A bill introduced in the House Tuesday would give state colleges and universities greater autonomy in use of student fees, personnel matters and construction projects, plus additional flexibility in other administrative areas.
House Bill 11-1301 has bipartisan sponsorship and is being pushed by the University of Colorado, according to several higher education lobbyists. The House prime sponsor is Rep. Mark Waller, R-Colorado Springs and assistant majority leader. The Senate sponsor is Sen. Gail Schwartz, D-Snowmass and a former CU regent.
The bill has been assigned to the House State Affairs Committee, not to House Education.
The overall thrust of the bill appears to reduce the number of Colorado Commission on Higher Education and other state agency requirements that institutions now have to meet.
Provisions of the 43-page measure would:
- Specify that guaranteed tuition contracts cover tuition, not fees.
- Give governing boards greater control over student fees and reduce the role of the CCHE in that area.
- Remove the requirement that the commission approve institution plans to set up non-profit arms.
- Give governing boards the power to indemnify their contractors.
- Give institutions greater autonomy in their information security programs.
- Allow institutions greater freedom to dispose of surplus property and discretion in making purchases from correctional industries.
- Allow college presidents greater freedom to create positions not covered the state personnel system, hire contractors, rehire retired employees for longer periods of time, offer employee incentive programs and authorize administrative leave for classified employees.
- Provide colleges greater freedom in handling construction projects, including removal of the current requirement that colleges get student input if they want to use tuition revenue as security for auxiliary facilities.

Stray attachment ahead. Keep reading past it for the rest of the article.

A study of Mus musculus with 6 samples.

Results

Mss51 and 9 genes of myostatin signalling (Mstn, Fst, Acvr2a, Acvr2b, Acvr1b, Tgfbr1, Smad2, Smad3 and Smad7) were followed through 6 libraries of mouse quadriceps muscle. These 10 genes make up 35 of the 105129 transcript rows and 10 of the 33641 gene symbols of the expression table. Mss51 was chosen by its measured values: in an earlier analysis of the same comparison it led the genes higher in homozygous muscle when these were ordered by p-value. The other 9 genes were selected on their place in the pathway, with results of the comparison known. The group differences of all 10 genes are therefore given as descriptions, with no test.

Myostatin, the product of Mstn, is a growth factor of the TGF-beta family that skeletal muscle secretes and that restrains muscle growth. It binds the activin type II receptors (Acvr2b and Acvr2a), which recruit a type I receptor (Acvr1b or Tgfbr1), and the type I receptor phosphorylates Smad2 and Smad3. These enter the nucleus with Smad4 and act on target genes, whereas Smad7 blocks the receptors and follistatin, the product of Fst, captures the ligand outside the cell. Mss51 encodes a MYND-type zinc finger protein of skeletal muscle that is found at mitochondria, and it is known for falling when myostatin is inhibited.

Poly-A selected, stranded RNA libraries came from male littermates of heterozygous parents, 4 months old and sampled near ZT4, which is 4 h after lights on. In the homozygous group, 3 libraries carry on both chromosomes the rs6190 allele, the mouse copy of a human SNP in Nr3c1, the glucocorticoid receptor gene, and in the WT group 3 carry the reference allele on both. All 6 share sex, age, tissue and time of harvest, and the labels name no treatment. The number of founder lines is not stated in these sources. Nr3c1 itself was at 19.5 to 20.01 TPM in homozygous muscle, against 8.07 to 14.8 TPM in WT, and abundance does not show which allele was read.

A 2009 law gave state colleges additional flexibility in handling their construction projects, and a 2010 law gave them significantly expanded power to set tuition rates – but with the oversight of CCHE.
The 2010 higher education plan developed by a citizen panel recommended a stronger regulatory role for CCHE, an idea that’s been resisted both publicly and privately by some college presidents.
Some presidents, especially Bruce Benson of CU, also repeatedly have cited steadily declining tax support for higher education as an important reason for giving colleges more freedom to manage their own finances
Proposed 2011-12 funding for the Colorado Counselor Corps has been on a roller coaster ever since budget deliberations starts months ago.
The Joint Budget Committee proposed cutting it to about $2.5 million, the Senate bumped it back to $5 million and the House took the number back down to $2.5 million.
Tuesday, meeting as a conference committee to reconcile the different House and Senate versions of Senate Bill 11-209, the long appropriations bill, the JBC voted 4-2 to restore $5 million for the corps.
The final version of the budget still has to be approved by both houses. But by this time of the session, the other 94 lawmakers are so sick of the budget they usually agree to the JBC’s compromise version.
The committee deadlocked 3-3 on a motion to restore $30,000 in funding for family literacy centers, another Department of Education program.
The Legislative Council gathered first thing Tuesday morning for a new job – prioritizing and then voting on bills and resolutions that propose various legislative studies to be done after the session ends.
Three related to education were on the list of 12.
Approved was Senate Bill 11-111, which proposes a study of how to help students negotiate school transitions (like middle to high school) and how to reduce college remediation rates. Also approved was Senate Bill 11-133, which proposes a study of school discipline methods and which methods are inappropriately used.
The panel defeated House Bill 11-1184, which proposed studying of new ways to fund higher education. Also defeated was Senate Joint Resolution 11-033, which proposed a panel to review a University of Denver tax study that a previous legislature requested. That study isn’t finished.
While Legislature Council long had had a role in deciding which interim studies are supported with legislative funds and staff, a recent law has given it expanded power to prioritize projects and vote them up or down, just like a regular committee in either house.
So, members were feeling their way through the sometimes-cumbersome process, punctuated by jokes and laughter during the more confused portions of the 90-minute session.
The measures that survived Tuesday’s review still have to be passed by the full House and Senate to go into effect.